About CMAS and this Discussion Forum

Below are Frequently Asked Questions about CMAS and this online discussion. More information is available on FEMA's CMAS webpage.

What is CMAS?
Who is hosting this discussion?
What is being discussed here? Why are we only discussing geo-targeting and public response?
What will be done with my input and ideas?
Who are the critical partners in the development of CMAS?
How does CMAS work?
How is a CMAS alert different from a regular text message?
What types of alerts will be sent over CMAS?
Do I have to sign up to receive CMAS alerts on my mobile device?
Can users opt out of CMAS alerts?
Will users be billed for CMAS alerts that they receive?
When will CMAS alerts be active on my phone?
How will we know CMAS works?
Will CMAS track a user’s location or personal data?
Are ideas or comments ever removed from the website?

What is CMAS?

The Commercial Mobile Alert Service (CMAS) is a system that will provide an interface to participating cellular mobile service providers for delivery of critical alert information to cellular phones in a danger zone. CMAS is being developed and tested by the Federal Emergency Management Agency (FEMA) and the Department of Homeland Security (DHS) Science and Technology Directorate (S&T) and is one of the major components of the Integrated Public Alert and Warning System (IPAWS). Specifically, the CMAS capability will provide local, tribal, state, territorial, and Federal government officials the ability to send 90-character, geographically-targeted text alerts to the public.


The CMAS Research, Development, Testing, and Evaluation (RDT&E) Program at DHS S&T is hosting this discussion to solicit stakeholder input in determining the priority focus areas of the CMAS research and development agenda. DHS S&T is responsible for setting the research and development agenda for CMAS.


DHS S&T, who is responsible for setting the research and development agenda for CMAS, has a funding mandate to conduct research and development activities focusing on geo-targeting of CMAS alerts and understanding public response to CMAS messages.


This discussion will close at 8:00 PM EDT on Friday, March 16, 2012. After this point, the CMAS RDT&E Program will incorporate input from this discussion forum in shaping the CMAS research and development agenda, which will drive investment decisions for CMAS R&D.


Multiple Commercial Mobile Service Providers, the Federal Communications Commission, FEMA, and DHS S&T are critical partners in developing the CMAS alerting capability.


Authorized alert originators who have access to the IPAWS-Open Platform for Emergency Networks (IPAWS-OPEN) aggregation gateway will be able to submit alerts for delivery to participating carrier networks. IPAWS-OPEN will facilitate the aggregation of alerts from the first responder community, translating alerts into a standardized format that is optimized for the carriers to broadcast to any CMAS-enabled mobile devices being serviced by their network.


A key differentiator of the CMAS capability against existing Short Message Service Point-to-Point (SMS-PP), a one-to-one or one-to-few alerting service, is that CMAS uses SMS-Cell Broadcast (SMS-CB), a one-to-many service, which simultaneously delivers messages to multiple recipients in a specified area. By using SMS-CB as the delivery technology service, CMAS avoids the congestion issues currently experienced by traditional SMS-PP alerting services, which directly translates into faster delivery of messages during times of emergency.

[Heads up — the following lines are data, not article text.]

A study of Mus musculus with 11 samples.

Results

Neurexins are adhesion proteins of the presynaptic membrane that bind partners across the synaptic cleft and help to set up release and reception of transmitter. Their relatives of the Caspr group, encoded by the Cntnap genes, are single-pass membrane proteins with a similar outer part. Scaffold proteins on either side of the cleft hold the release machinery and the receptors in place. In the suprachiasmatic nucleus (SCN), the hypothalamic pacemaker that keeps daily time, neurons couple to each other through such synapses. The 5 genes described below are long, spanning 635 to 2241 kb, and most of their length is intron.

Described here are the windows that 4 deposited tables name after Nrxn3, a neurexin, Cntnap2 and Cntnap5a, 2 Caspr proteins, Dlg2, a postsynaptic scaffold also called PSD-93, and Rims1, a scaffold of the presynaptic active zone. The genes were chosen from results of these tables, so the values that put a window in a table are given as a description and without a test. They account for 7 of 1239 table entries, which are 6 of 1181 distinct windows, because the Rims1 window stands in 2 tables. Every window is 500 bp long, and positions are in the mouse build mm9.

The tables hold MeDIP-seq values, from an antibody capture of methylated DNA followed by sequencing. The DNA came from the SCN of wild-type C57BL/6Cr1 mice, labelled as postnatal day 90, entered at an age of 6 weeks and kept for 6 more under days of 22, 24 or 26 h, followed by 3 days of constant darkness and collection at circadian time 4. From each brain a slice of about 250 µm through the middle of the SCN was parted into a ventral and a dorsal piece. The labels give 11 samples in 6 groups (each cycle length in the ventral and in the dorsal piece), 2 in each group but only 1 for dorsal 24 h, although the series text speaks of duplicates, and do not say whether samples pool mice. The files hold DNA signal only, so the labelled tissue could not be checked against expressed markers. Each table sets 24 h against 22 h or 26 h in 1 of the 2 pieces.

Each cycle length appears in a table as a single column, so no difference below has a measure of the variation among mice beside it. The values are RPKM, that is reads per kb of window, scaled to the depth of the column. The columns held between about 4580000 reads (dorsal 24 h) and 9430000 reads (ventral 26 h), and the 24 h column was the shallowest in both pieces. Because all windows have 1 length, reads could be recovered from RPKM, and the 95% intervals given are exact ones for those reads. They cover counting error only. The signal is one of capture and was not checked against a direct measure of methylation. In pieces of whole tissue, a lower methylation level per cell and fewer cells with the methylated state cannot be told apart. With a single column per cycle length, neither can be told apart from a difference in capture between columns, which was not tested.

CMAS will facilitate the dissemination of three types of alerts: Presidential Alerts, Imminent Threat to life and property Alerts (e.g., weather-related emergencies), and America’s Missing: Broadcast Emergency Response (AMBER) Alerts.


Customers of participating carriers are automatically signed up to receive all alert types. CMAS allows authorized officials to send emergency alerts to all subscribers with CMAS-enabled devices.


You cannot opt-out from receiving Presidential Alerts, but you will be able to opt-out of Imminent Threat and AMBER Alerts by changing the settings on your CMAS-enabled device. Once you opt-out of these two alert types, you will no longer receive those future alerts.


CMAS alerts are free. Consumers do not pay to receive CMAS alerts.


While participation in CMAS is voluntary, participating wireless carriers must begin deployment of CMAS by April 2012. Some carriers, including AT&T, Sprint, T-Mobile, and Verizon, plan to offer CMAS in certain areas ahead of schedule. For example, New York City and Washington, D.C., will be deploying CMAS by December 2011.


CMAS partners—including local, state, and Federal originators (including state offices of emergency management), Federal agencies, and carriers—will be conducting a series of tests through the end of December 2011 and throughout 2012. These tests will ensure end-to-end, or start-to-finish, connectivity of IPAWS-OPEN with originators and carriers. Following these tests, S&T will gather all resulting data from each test and use it to further develop subsequent tests to ensure a successful launch of CMAS in April 2012 and beyond.


No, CMAS will not track location or personal data, as it uses SMS-CB, a broadcast (one-way) technology. This guarantees that IPAWS-OPEN cannot collect any subscriber-related data, including details on who is in the targeted area and/or who has successfully received the emergency alert.


This forum is intended for open discussion about focus areas of the CMAS research agenda. However, ideas or comments that are clearly spam, include sensitive information, or make a threat of violence will be removed.